So ATARs came out today and if you’re 1 of the 55,000 students that got it, you’re either elated, disappointed or a good mix in between the two.
So let’s run through the motions. As someone that got the text message and pondered my future afterwards, I feel like I’ll be speaking to the people who didn’t know what the next step is because they were so set on Plan A.
First off. Don’t bother with ATAR calculators. They’ll give you a rough estimate, but they’re also set up for you to be disappointed or incredibly impressed. Every year is different, it also doesn’t take into account your school. Unless your school has a specialised ATAR calculator, I would take the results they pump out with a grain of salt.
Second. Who cares? If you’re in uni, you’re in uni. Uni students all say the same thing. It’s just a number. You’ll forget it in a few years anyway. Protip. These guys are in university. They know that it’s just a number. This number doesn’t have a section in your FB About Me, you won’t see it in Twitter bios, or in CVs or on LinkedIn, so move on? Got something bad? It’s a flawed system anyway, putting pressure on students for one year of work. If you have a good enough work ethic, it won’t matter what you get.
Third. Have a Plan B. I dun goofed so hard that for a few days, I was wondering what my future actually held for me. Fortunately, there are so many paths to the place you want to go. And if you’re an average person, it’s likely that you may have a change of heart or an epiphany, one that changes what your original Plan A was. My original Plan A was to become an ICT Specialist. What a boring Plan A. But as I continued, I wasn’t a fan. I realised that my passion lied in being an informer. A journalist.
Fourth. Know how to get to where you’re going. University isn’t for everyone. University isn’t for every job. A friend of mine, Matthew Karstunen, completed his first year of Journalism this year and has taken up so many big name internships early that I feel he’s closer to his goal career path than most third-year or even postgrad students. Some people have found a way to their career goal through real-work experience. Path 1 might look nice, but paths 2-10 might get you to point B, and may even be more enjoyable.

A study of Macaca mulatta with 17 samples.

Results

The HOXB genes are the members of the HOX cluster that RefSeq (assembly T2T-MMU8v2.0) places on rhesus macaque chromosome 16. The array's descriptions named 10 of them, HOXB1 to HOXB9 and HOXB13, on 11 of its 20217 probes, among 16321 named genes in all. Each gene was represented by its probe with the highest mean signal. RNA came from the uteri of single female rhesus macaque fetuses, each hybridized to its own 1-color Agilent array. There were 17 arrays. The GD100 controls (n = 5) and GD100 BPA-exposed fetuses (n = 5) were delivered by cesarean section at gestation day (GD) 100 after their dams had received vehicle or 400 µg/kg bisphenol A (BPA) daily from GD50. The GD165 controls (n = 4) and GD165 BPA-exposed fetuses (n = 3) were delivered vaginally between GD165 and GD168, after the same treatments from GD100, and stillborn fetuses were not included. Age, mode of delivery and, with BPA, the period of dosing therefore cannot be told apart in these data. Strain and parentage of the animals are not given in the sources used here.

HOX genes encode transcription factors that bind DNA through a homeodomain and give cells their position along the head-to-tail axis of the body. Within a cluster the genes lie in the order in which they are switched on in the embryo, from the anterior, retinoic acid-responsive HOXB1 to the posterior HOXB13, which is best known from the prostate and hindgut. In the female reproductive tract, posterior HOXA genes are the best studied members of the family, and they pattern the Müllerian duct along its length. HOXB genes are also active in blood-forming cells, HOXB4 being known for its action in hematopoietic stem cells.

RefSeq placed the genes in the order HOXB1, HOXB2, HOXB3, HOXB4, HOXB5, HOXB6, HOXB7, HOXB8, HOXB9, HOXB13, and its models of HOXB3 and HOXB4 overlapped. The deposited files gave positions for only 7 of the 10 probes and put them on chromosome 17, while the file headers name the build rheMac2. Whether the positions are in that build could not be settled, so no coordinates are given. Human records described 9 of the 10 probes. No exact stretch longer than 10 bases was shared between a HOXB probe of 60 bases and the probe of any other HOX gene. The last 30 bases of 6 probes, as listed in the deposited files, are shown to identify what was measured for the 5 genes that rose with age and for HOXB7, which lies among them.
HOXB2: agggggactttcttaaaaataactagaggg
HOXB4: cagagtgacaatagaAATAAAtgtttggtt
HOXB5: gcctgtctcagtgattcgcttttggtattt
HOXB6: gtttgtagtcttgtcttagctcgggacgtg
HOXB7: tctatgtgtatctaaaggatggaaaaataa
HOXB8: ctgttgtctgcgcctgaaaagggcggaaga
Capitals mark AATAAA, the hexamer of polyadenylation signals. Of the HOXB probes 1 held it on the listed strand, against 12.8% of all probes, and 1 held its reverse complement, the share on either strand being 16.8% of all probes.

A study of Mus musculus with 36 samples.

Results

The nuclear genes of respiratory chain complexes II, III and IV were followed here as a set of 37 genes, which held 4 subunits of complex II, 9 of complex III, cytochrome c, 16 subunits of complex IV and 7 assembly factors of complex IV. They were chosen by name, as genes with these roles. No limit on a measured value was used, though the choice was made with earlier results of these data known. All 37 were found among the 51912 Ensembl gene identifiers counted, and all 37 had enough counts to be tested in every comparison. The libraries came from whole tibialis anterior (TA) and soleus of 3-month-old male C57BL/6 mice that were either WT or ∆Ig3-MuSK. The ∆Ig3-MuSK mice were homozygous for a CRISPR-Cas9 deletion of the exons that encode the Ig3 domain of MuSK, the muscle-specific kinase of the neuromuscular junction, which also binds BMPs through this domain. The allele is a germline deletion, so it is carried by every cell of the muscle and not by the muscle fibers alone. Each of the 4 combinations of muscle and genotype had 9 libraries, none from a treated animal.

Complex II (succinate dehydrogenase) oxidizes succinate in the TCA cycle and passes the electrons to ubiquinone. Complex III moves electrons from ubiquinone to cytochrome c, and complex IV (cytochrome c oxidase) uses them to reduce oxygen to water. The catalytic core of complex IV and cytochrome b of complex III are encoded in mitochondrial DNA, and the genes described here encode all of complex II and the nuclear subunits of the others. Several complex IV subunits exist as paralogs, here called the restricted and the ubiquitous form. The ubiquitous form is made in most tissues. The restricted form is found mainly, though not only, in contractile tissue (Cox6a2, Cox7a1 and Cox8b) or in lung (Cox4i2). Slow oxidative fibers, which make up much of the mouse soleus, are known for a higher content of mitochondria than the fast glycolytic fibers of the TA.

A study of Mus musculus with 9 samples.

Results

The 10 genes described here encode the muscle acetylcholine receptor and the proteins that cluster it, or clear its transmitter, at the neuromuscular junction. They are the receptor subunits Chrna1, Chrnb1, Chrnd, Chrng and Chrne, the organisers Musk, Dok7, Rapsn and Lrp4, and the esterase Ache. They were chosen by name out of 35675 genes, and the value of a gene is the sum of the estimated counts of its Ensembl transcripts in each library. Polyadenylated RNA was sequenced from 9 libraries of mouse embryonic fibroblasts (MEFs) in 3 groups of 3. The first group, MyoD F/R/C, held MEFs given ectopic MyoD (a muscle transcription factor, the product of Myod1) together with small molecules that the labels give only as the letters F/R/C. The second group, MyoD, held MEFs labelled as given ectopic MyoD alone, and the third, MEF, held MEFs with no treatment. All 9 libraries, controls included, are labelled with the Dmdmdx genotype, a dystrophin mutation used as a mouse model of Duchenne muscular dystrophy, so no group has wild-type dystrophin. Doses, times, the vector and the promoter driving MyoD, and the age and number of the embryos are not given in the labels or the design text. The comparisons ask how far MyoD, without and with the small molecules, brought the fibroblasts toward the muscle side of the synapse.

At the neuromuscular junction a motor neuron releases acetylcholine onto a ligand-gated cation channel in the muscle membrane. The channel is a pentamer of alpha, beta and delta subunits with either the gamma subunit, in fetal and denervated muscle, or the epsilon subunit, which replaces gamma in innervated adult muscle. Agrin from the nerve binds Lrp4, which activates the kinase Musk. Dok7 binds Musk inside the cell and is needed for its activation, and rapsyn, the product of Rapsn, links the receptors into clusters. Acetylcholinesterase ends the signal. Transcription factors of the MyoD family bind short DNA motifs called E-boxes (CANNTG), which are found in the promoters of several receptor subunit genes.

Fifth. Work ethic. Once you’re in. Put what you’ve got into it. A lot of people say that uni is great because you only need to scrape a Pass for every subject. And while I’m not a shining beacon of High Distinction students, the way you work in your career path course determines how much you really want it.
(6th) I guess. Don’t let your parents determine your level of proudness. More likely than not (especially if you have Asian parents), they’ll use it as a bragging point. Got something low? Move on, get to the job or course. After a while, they’ll use your course as a bragging point.
My path was a confusing, yet rewarding one. I’m doing what I love doing in a course that had an ATAR requirement miles above what I got. I’ve done incredibly well all things considered. It’s always a stressful time, and you might feel lost and confused as to your future. But like most destinations, there’s always multiple paths and some of these may even be more enjoyable and fulfilling than the one the GPS nav is telling you to go.